Wall Street stocks fell after several days of muted trading as investors took a defensive posture before Federal Reserve Chairman Ben Bernanke's much-awaited speech.
Bernanke, due to speak to central bankers in Wyoming, at 10 am (local time) on Friday, is expected to keep markets guessing about the timing of another round of bond purchases.
The mood was cautious in financial markets due to the high stakes surrounding the Fed chairman's speech as well as a meeting of the European Central Bank on Thursday that is expected to take pressure off highly indebted countries.
Central banks face pressure to combat the weakness in the economy. In a sign of slowing growth, shares of mining companies fell as iron ore prices dropped to the lowest level since 2009.
US-traded shares of BHP Billiton dropped 3.8 per cent to USUS$58.11.
All 10 S&P industry sectors were lower, with technology .GSPT, energy .GSPE and materials .GSPM leading the decline.
The benchmark index dipped below the 1,400 mark at the close for the first time since August 6.
US economic data over the past two weeks have been a little stronger than expected, and Reuters polls show investors and economists were more sceptical the Fed will announce a new round of bond buying at its September meeting.
"If (Bernanke) doesn't tip his hand, then the market is going down on the speech," said Uri Landesman, president of hedge fund Platinum Partners.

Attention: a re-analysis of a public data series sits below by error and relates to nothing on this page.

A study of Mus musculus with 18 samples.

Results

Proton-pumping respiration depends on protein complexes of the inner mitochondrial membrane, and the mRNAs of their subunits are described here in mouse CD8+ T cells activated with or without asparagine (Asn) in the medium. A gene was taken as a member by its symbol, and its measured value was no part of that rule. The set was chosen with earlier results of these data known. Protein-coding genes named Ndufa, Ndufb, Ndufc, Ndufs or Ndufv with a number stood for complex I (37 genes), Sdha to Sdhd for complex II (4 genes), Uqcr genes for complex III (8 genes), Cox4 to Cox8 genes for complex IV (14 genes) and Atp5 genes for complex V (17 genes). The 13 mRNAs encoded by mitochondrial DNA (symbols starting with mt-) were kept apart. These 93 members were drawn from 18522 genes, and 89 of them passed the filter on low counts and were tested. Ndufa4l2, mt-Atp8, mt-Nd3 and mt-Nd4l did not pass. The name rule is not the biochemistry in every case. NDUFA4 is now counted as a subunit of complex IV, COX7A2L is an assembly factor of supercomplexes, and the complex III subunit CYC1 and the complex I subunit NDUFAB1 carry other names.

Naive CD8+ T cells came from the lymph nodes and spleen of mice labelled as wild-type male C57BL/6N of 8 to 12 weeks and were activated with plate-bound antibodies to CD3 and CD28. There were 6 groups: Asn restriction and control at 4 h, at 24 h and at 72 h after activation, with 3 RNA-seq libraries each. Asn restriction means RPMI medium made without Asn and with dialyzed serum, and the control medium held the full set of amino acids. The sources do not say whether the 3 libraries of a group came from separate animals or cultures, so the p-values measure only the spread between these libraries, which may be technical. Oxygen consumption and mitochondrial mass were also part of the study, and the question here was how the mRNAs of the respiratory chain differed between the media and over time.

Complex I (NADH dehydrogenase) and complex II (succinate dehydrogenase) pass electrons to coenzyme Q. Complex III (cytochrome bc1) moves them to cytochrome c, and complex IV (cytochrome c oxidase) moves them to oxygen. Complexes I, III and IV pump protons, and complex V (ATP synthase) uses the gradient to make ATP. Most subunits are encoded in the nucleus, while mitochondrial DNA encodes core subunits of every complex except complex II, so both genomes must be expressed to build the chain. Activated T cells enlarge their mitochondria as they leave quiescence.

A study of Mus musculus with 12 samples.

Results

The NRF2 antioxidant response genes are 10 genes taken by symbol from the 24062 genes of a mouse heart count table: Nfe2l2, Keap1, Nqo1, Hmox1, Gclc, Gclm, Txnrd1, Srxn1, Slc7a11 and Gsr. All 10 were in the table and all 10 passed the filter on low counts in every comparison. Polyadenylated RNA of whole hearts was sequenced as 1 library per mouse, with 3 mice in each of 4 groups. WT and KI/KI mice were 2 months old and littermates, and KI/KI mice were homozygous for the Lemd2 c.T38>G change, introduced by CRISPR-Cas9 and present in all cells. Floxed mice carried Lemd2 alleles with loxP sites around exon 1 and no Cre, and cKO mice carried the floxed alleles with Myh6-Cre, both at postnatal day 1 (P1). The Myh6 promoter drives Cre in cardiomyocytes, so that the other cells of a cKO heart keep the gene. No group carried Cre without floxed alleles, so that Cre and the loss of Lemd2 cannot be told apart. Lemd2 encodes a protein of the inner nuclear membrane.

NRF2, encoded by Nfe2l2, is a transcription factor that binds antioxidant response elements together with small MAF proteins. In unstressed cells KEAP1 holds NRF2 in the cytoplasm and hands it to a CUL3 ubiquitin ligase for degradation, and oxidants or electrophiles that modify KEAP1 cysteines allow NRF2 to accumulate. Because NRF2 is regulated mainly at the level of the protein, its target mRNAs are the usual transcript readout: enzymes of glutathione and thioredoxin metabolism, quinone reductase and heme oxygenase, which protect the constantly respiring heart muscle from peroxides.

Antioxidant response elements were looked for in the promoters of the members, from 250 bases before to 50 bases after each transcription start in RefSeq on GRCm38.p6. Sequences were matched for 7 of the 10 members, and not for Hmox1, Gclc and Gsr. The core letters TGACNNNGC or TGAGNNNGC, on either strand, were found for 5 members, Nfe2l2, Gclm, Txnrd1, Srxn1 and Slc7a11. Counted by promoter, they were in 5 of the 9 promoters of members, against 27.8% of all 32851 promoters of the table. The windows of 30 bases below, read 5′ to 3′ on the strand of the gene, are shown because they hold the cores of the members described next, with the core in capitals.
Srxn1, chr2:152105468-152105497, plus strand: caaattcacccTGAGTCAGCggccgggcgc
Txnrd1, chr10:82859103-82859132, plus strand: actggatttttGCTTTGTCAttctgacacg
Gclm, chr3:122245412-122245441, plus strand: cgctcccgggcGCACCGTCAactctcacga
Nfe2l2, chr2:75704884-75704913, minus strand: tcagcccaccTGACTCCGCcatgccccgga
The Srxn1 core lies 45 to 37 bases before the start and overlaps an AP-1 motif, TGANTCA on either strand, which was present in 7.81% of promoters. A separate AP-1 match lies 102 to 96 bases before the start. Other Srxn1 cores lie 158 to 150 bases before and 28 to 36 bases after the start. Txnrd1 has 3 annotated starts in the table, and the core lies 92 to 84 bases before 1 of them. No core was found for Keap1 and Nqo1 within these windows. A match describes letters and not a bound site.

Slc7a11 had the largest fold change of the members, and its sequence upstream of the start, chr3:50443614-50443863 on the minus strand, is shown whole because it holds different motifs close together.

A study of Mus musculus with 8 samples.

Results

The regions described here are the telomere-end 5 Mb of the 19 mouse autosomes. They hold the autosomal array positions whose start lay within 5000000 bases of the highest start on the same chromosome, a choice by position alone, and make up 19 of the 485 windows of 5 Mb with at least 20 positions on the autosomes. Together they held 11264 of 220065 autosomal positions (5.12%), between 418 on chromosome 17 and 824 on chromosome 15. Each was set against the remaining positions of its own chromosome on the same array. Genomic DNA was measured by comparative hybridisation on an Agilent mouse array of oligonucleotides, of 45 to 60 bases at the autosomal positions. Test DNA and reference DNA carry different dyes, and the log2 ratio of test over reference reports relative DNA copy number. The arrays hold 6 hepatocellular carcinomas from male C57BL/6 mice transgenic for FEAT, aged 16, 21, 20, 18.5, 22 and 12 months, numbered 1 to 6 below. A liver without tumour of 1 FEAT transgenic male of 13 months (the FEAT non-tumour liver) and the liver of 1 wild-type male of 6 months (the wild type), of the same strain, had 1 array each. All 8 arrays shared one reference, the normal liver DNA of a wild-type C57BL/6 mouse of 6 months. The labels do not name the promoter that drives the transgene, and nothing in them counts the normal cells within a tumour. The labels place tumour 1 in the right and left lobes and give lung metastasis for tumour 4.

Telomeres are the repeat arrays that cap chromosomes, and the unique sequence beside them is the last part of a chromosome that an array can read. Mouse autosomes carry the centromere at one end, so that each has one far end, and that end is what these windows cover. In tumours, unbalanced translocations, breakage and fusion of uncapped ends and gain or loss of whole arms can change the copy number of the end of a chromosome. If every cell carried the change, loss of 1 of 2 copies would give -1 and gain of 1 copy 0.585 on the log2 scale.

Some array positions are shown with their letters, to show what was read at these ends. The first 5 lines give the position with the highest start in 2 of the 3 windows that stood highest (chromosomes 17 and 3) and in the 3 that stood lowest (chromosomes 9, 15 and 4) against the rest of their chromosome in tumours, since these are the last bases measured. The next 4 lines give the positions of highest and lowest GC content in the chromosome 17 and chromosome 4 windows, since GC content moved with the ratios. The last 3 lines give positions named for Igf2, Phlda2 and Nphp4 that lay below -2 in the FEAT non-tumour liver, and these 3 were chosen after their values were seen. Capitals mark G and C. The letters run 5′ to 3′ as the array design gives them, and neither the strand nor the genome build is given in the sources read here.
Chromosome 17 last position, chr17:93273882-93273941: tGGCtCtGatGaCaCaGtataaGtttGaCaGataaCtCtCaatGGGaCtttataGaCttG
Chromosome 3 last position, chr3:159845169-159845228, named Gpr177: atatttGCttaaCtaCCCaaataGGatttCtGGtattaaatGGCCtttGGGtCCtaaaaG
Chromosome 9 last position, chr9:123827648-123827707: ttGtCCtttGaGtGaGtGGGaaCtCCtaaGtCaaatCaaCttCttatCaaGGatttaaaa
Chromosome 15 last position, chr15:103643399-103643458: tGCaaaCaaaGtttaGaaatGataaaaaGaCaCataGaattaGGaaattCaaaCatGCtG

"I don't think the market hangs in around 1,400 if he doesn't say anything substantive."
The Dow Jones industrial average .DJI dropped 106.77 points, or 0.81 per cent, to 13,000.71.
The Standard & Poor's 500 Index .SPX dropped 11.00 points, or 0.78 per cent, to 1,399.49. The Nasdaq Composite .IXIC dropped 32.47 points, or 1.05 per cent, to 3,048.71.
The S&P had barely budged over the prior three sessions - resulting in a decline of merely 0.05 per cent - and hasn't closed with a 1 per cent move in either direction since August 3.
Volume continued to be anaemic with the week's daily average so far at 4.49 billion shares changing hands on the New York Stock Exchange, NYSE MKT and Nasdaq.
This week's four days so far are among the five lowest for volume all year.
Most US retailers posted better-than-expected sales gains in August at stores open at least a year, boosted by back-to-school buying and setting the stage for a strong third quarter.
Despite the August sales results, the Morgan Stanley retail index .MVR fell 0.6 per cent as it was weighed down by a drop in Sears Holdings Corp.
Sears' shares tumbled 7.9 per cent to US$52.90 after S&P Dow Jones removed the company from the benchmark S&P 500 index, effective after the close of trading on September 4. Chemicals maker LyondellBasell Industries, which will replace Sears, rose 3.8 per cent to US$48.67.
Economic data showed consumer spending enjoyed its biggest rise in five months while the number of Americans filing new claims for jobless benefits held steady last week.
Pandora Media Inc surged 14.3 per cent to US$11.52 a day after reporting adjusted second-quarter earnings that beat expectations and raising its full-year outlook.